Saturday, February 27, 2010

Vote for change?

Do the Tories still believe that somehow Obama's slogan will match their ambitions? Haven't they been watching as he's slid down in the approval ratings? Didn't they notice his lack of support for the UK's stance over the Falklands recently including sending Clinton (Mrs) to talk to the Argentinian leader?
So why now pick a slogan with such a tainted past?

BBC.

The Conservatives will contest the general election on six themes, the party has announced at its spring conference in Brighton.
They cover the national debt, the economy, family, the NHS, schools and changes in Westminster.
David Cameron dismissed criticism that the Tories were too "timid" in a video post on his WebCameron blog, saying their plans were "bold and radical".
Labour's Douglas Alexander said the proposals were "reckless".
The Tories have revealed their election slogan will be "Vote for change".
Well, lets look again at some change.
  1. Barnett Formula? Nope no change there.
  2. West Lothian question? No real change there either.
  3. EU? Promise of useless renegotiations and referenda on major changes conveniently ignoring the fact that after Lisbon we wont get a chance as it's self amending.
  4. Economy? Promise to match government spending targets. No change then.
  5. Education? Promise of voucher system, but still keeping state control over the curriculum and no doubt all the useless trivia and regulation that goes with it.
  6. Family? Obsession with marriage, though not strangely enough those of us who choose simply to live together.
Don't get me wrong I think there will be changes, but more likely it will be change forced upon us (the country) rather than changes made to the way we live by the politicians, in other words they'll be reacting rather than acting.
The Tories are also trying to hide the fact that most of our regulations come from another source too. Much of what will happen to the UK after the election will come from the EU, not Westminster.

So, Vote for change? Not really, the only changes will be the faces behind the policies, not the policies themselves.

6 annotations:

Barking Spider said...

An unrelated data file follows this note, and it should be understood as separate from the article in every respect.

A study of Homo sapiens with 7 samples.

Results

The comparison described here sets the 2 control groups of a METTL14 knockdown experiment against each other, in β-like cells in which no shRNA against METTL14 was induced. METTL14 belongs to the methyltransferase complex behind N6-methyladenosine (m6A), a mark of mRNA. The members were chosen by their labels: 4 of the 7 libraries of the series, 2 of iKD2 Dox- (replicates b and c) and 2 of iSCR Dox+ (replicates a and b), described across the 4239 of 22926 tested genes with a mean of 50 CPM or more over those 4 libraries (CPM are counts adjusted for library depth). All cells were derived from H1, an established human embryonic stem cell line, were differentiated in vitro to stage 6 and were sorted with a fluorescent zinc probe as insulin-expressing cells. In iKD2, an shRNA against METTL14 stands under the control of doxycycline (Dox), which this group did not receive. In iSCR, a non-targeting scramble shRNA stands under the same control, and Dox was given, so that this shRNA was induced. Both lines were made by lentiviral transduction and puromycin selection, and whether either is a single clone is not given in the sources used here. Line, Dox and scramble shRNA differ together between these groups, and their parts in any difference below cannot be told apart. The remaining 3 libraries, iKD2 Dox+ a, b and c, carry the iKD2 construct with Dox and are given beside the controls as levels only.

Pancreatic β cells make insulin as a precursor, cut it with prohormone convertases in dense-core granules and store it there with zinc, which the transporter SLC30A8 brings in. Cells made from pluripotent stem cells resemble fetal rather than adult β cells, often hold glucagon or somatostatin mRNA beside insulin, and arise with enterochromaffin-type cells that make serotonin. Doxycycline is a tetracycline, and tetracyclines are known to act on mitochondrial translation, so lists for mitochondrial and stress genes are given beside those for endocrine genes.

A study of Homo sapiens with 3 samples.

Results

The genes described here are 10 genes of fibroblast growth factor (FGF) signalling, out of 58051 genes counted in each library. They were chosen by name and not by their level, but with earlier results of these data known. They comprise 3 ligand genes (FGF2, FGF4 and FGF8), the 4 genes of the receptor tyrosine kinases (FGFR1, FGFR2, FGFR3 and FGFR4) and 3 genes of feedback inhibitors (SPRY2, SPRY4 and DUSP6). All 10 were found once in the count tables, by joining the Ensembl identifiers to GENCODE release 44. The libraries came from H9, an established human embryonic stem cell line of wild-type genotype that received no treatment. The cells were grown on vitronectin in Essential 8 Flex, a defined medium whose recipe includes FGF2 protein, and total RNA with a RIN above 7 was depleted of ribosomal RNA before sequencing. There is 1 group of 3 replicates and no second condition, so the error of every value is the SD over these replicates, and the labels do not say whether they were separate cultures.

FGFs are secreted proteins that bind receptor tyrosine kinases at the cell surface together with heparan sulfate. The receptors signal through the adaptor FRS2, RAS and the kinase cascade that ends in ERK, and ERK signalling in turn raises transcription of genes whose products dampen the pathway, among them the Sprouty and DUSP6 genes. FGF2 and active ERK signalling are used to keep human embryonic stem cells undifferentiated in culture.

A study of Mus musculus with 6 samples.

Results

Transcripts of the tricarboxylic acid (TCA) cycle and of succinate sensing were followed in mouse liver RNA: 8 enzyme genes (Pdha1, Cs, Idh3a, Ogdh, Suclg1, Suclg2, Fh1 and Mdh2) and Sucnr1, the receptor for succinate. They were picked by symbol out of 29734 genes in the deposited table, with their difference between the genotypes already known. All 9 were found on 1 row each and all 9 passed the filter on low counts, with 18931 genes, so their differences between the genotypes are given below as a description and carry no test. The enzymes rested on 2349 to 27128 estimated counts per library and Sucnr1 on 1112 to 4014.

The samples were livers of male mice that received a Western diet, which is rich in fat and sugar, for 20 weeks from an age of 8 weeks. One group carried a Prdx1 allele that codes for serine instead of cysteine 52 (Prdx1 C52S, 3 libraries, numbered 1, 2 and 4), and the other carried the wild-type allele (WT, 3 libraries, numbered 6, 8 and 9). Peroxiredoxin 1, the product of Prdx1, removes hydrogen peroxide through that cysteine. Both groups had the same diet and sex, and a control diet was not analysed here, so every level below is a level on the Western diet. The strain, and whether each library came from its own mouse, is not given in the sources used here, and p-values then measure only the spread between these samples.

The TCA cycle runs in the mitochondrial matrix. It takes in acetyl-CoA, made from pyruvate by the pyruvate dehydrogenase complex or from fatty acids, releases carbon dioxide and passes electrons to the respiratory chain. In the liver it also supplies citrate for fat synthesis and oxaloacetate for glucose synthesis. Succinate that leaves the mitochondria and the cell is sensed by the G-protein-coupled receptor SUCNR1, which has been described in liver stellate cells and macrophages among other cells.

It's crunch time for Cameron, QM, this weekend will either make or break him - Brown may even call a snap election, although I still tend to think he'll bottle it.

Goodnight Vienna said...

I agree QM - it's a weak and empty slogan that doesn't mean anything in particular. He's speaking without notes tomorrow so let's see what he can pull out of the hat. I thought Osborne did well today - in fact I prefer him to Cameron!

John R said...

Actually I think Cameron and Osborne are equally wishy-wishy social decomcrats rather than true conservatives.

Give me folk like William Hague, David Davis, Douglas Carswell, John Redwood, Daniel Hannan. They might just make the Conservatives conservative again.

Quiet_Man said...

Good choices John, but I doubt that the Cameron clique will allow them near the reins of power except for Hague, who is loyal to his salt if nothing else and wont betray them.

John R said...

QM - I think you're right, 'cos the powers-that-be are not conservative either, so the true Torys will be kept away from the levers of power. They'll all find out how wrong that decision is in the next few weeks. Unfortunately it's the rest of us that will have to pay the price for their stupidity.

I've seen the text of Hagues speech and it's pretty good. Osborne didnt light any fires though. We'll have to see what Cameron produces, I'm not expecting great things. His WebCameron video is the usual content-free social democratic fluff.

Snatching defeat from the jaws of victory.

Fausty said...

iDave has an EU agenda to meet, whether he likes it or not. I suspect that he might be subject to the forces of hell should he not go with the programme, meaning that he won't get elected.

The climate change thing is a case in point. He surely knows how the majority feels - as with Lisbon.

He's gotta have some skeletons in his closet.

It's possible that, once elected, he will deliver. I doubt it, but it is possible.